NPR Story Goes for the “Wow”, Neglects the “Why” of Immigrant Detention
On NPR’s Morning Edition this week, reporter Ted Robbins had the makings of a good story about a congressional mandate that requires Immigration and Customs Enforcement to hit an expensive target for detention of illegal immigrants.
But the story careened immediately into editorial Never-Never Land with host Steve Inskeep’s sophomoric introduction. Then Robbins drove it into the reportorial briar patch with his own editorial slant on a story that should have let the facts speak for themselves.
"The Top 10 Laws You Didn’t Know ICE Enforces"
The ICE website currently features this gem: “The top 10 laws you didn’t know ICE enforces.” I immediately clicked on it, expecting to see the Immigration and Nationality Act listed as Number 1, based on the findings of a new report we’re releasing next week, showing immigration enforcement in steep decline.
Did an Illegal Alien Try to Burn Down a Church in Sen. Leahy’s Vermont?
We have noted in the past how few illegal aliens seem to live in the home state of Senator Patrick Leahy (D-VT), the chair of the Senate Judiciary Committee, and a sturdy supporter of amnesty.
Has one of those rare illegals just tried to burn down a big old Congregational Church in Vermont’s largest city, Burlington? This is a church where the late first lady Grace Coolidge worshiped more than 100 years ago.
Vive la France
There is an important distinction that is made in schools of realistic philosophy between idea and reality. The distinction is very helpful in every day life: “Does he love you or the idea of you or, better (or worse!), just the idea of being in relationship?” “Do you really like marketing or do you like the idea of being in a marketing firm in a big city?” The applications are many.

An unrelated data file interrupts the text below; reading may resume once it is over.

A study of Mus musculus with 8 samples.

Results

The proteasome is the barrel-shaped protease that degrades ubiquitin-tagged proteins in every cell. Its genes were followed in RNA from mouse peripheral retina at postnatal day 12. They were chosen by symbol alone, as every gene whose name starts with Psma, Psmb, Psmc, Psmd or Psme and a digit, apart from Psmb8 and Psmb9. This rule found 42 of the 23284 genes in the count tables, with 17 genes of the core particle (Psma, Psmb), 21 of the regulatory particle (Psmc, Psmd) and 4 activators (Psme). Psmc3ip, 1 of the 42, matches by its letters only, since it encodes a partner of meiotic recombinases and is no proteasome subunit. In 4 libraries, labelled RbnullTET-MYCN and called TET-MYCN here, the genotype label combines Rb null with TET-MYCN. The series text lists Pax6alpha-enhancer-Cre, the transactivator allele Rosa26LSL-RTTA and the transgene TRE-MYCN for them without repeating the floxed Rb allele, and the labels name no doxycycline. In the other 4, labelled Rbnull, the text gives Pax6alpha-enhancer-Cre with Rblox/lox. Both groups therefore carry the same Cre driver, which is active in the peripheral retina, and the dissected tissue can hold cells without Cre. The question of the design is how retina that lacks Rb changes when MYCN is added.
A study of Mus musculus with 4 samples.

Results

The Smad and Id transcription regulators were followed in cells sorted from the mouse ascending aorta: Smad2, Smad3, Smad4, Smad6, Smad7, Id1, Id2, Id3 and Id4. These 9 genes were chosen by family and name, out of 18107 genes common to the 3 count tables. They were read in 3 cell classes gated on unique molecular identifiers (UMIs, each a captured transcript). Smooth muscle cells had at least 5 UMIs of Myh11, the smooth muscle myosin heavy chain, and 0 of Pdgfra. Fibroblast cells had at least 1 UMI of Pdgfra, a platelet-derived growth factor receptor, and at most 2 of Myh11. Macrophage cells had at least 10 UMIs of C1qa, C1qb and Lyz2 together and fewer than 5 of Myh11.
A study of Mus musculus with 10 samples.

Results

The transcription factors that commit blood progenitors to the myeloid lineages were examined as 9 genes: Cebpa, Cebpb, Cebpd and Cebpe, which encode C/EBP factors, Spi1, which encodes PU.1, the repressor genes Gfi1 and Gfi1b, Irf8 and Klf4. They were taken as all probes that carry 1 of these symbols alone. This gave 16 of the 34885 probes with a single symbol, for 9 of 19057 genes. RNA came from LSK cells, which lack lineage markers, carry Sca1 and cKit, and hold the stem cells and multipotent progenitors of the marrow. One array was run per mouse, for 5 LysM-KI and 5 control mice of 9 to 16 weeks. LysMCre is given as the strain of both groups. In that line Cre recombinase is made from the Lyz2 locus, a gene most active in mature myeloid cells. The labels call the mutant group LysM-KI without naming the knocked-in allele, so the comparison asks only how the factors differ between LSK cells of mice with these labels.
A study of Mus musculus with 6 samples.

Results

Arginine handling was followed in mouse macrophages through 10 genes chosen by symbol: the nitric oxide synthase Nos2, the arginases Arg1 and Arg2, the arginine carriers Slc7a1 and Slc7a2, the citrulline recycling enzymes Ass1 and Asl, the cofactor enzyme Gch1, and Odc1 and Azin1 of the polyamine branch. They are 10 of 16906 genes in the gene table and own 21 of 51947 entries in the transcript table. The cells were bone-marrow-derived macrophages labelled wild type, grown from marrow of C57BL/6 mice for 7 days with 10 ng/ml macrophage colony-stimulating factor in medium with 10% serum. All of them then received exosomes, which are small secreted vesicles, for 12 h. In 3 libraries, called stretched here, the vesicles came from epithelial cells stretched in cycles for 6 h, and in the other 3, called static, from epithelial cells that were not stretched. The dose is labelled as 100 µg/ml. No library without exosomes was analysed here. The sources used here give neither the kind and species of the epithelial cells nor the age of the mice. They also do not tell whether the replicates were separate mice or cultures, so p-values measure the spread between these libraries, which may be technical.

The distinction can also be helpful in wading through the multi-faceted issue of immigration. A recent “controversy” in France, reported in the Wall Street Journal, precisely beckons making the distinction, the distinction between the idea of immigration and the reality of immigration.
Lights, Camera, Arrest!
Manuel Roig-Franzia’s WaPo profile of Representative Luis Gutierrez (D., Amnesty) is worth a look. If nothing else, it’s encouraging to see how much his Democrat colleagues hate him, too. But what I found most striking was how important getting arrested at pro-amnesty protests seems to be to Gutierrez’s self image. He yuks it up with Charlie Rangel about making bail.
Amnesty as a Civil Right: Part 3
In 1991 Harvard Law School professor Mary Ann Glendon published an important book entitled Rights Talk: The Impoverishment of Political Discourse. In it, she noted Americans’ modern tendency to view nearly every social controversy as a clash of rights.
Professor Glendon’s observations are a useful framework within which to consider the new effort to make the legalization of illegal aliens a new civil right.
Amnesty as a Civil Right: Part 1
Senator Daniel Patrick Moynihan’s memorable phrase “Defining Deviancy Down” tartly and honestly captured the irony of the determined, but futile effort to avoid dealing with a breakdown in America’s social and legal norms surrounding crime and family life. Faced with behavior that it was unwilling to confront, or perhaps lacking the means to do so, America, he wrote, had simply tried to define the problem away.
Defining Immigration Enforcement Down
In 1993, Daniel Patrick Moynihan, Harvard Professor and then U.S. Senator (D-NY), published a seminal and prescient article in the winter issue of the American Scholar entitled “Defining Deviancy Down”.
Moynihan’s thesis was that, “over the past generation … the amount of deviant behavior in American society has increased beyond the levels the community can ‘afford to recognize’ and that, accordingly, we have been re-defining deviancy so as to exempt much conduct previously stigmatized, and also quietly raising the ‘normal’ level in categories where behavior is now abnormal by any earlier standard.”
Two Stories of Immigration and Human Capital
Two stories last week in El Diario de El Paso, a Spanish language newspaper in that city, illustrate one of the most salient features of immigration to the United States: the fact that it brings us many people who have an abundance of what social scientists call the “human capital” to become productive members of society, and many more who do not.
Hearts, Flowers, and Violins for an Illegal Alien’s Sturdy Father
This is a story about a reasonably healthy, 65-year-old man. Born in China, he works full time in the United States, owns a restaurant and (assuming that he has paid his social security taxes) is covered right now by Medicare and is about to start receiving social security benefits.
He is thus in better financial shape than many other Americans of his age. Further, he is legally present in the United States and has been here for 24 years. He could become a citizen if he wanted.